With a general election in the UK now just weeks away, the RSS has written to UKRI Chief Executive Professor Sir Mark Walport, reiterating the need to remind academics, via the research councils, of the changes in April 2018 regarding the clarification of rules on ‘purdah’ (the period of time immediately before elections or referenda when specific restrictions are placed on civil servants) and how they apply to scientists and researchers.
The letter (PDF) underlines the importance of communicating the clarified guidelines; in particular, allowing unrestricted commentary from independent sources such as academics throughout the election period.
This clarification came into effect following concerns expressed by the RSS, Science Media Centre and others that purdah guidelines in the run-up to the June 2017 general election inhibited academics to share their independent expertise. Examples of this included three independent academics on a government scientific advisory committee who were not allowed to comment on the government’s Draft Air Quality Plan.
Following the 2017 election, the RSS and other key stakeholders continued to highlight these examples and the failings of enforcing ‘purdah’ on the scientific community. The Society organised a roundtable discussion on the issue with senior civil servants and other key stakeholders, followed by a letter to Sir Jeremy Heywood (former head of the civil service) to make the case that the guidelines were not clear enough. Sir Jeremy responded, clarifying the principles of purdah ‘are not, and have never been about restricting commentary from independent academics’. As a result of our roundtable and letter to Sir Jeremy, clarification was subsequently introduced.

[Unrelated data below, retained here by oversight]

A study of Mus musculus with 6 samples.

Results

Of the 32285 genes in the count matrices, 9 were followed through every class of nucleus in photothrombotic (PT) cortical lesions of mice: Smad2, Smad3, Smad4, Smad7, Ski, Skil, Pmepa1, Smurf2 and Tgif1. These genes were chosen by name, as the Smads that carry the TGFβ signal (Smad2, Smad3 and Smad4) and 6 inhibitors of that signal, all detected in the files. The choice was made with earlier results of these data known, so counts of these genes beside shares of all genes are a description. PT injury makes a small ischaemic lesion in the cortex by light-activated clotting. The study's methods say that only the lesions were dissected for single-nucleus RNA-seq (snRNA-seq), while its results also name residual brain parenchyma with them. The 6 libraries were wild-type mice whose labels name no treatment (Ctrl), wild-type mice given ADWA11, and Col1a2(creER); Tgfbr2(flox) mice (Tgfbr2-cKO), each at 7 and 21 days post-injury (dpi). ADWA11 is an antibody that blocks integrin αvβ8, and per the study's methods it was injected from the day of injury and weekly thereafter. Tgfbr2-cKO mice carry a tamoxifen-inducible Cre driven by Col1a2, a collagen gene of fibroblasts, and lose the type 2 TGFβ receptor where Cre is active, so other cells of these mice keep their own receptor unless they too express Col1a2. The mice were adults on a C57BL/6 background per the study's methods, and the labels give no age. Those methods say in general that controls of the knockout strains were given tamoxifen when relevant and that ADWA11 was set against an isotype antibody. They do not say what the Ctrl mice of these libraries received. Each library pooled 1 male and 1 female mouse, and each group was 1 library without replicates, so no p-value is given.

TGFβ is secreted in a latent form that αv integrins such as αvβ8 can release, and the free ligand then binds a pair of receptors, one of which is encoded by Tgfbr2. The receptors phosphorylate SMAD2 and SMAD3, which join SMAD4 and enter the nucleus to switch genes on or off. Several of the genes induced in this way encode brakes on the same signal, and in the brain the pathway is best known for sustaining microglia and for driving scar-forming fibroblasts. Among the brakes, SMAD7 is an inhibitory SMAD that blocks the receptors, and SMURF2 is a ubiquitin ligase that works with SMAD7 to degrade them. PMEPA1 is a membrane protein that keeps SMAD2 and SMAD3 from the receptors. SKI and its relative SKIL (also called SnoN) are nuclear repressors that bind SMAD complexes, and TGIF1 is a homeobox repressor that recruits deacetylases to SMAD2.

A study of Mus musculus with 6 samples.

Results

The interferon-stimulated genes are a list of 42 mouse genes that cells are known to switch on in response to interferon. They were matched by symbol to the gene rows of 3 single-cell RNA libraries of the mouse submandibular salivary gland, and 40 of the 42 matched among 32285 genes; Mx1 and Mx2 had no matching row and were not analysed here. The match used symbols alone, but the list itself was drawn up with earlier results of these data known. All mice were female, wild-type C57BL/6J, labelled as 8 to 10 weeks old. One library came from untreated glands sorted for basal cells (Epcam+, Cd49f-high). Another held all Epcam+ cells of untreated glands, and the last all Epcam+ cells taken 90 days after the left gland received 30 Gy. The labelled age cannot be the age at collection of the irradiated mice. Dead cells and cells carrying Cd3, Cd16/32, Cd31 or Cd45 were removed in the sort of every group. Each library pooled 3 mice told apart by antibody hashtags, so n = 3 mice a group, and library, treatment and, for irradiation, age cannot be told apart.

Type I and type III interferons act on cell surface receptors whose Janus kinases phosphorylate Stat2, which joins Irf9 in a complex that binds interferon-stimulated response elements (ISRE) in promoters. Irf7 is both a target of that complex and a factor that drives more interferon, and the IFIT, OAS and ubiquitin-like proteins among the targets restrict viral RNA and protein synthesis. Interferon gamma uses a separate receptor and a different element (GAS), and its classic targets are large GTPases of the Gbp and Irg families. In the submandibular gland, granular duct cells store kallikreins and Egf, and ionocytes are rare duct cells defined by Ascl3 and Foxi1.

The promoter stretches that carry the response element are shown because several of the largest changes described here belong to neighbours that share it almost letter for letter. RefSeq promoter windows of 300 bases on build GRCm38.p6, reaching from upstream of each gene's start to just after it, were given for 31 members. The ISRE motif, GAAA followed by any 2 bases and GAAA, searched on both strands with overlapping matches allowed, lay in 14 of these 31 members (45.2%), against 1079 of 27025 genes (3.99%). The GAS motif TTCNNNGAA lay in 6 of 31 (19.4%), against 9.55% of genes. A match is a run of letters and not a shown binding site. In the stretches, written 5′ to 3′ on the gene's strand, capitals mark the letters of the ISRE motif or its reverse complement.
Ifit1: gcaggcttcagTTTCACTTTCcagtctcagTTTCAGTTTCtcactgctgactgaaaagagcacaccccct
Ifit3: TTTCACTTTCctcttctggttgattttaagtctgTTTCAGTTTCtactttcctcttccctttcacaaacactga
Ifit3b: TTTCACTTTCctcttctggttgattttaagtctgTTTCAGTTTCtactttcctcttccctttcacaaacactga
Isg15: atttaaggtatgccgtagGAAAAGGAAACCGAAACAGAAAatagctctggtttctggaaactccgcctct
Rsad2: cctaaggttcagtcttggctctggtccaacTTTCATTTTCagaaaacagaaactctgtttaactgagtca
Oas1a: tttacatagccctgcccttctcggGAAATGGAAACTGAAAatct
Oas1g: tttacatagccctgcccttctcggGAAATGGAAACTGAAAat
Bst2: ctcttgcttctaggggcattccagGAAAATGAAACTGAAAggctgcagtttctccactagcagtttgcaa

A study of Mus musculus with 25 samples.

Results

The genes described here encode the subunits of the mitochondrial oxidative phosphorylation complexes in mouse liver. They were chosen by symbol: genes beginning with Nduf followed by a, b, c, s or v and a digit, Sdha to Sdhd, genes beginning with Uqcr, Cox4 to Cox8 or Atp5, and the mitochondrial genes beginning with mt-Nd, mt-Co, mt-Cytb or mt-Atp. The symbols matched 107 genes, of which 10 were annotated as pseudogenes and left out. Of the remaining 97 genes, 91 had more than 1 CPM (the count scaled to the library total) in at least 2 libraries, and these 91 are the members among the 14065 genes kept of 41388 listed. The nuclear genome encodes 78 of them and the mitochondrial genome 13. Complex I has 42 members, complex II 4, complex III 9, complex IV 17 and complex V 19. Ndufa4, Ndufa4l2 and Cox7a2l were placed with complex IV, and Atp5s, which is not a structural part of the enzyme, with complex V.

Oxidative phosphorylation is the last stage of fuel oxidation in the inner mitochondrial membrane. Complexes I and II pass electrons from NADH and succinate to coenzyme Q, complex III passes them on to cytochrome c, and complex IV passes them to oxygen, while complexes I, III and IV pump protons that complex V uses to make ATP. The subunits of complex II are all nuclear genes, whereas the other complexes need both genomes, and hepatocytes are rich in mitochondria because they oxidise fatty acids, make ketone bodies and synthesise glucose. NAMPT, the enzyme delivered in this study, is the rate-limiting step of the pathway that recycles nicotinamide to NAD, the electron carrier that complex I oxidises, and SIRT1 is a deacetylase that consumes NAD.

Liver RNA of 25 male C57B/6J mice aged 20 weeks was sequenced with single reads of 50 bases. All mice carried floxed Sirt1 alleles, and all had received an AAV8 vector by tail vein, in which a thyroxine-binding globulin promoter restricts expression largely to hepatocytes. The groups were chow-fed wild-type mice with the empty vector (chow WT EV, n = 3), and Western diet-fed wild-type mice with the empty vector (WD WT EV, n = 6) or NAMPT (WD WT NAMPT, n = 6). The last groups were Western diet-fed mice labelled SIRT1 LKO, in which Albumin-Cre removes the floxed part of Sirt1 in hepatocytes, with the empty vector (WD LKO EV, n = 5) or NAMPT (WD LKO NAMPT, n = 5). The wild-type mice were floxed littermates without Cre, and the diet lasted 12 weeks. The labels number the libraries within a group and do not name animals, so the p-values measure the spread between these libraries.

RSS Executive Director, Hetan Shah, recently stated in Civil Service World that ‘it would be helpful if UKRI were to make a statement about this so that the research community is clear that there are no restrictions on their ability to speak publicly in the run up to the election’.
UPDATE 5/11/19: The 2019 pre-election guidance has now been published and does not contain a specific reference to not applying to independent researchers. Hetan Shah, executive director of the Royal Statistical Society, said: ‘It is regrettable that the guidance has taken a backward step in not being clear that it does not apply to independent researchers, but that is still how it should be interpreted, and the research community should feel free to use their expertise to cast light on the election issues. We will continue to push for the guidance to be clearer so that it does not inhibit academics from contributing expertise to public debate.’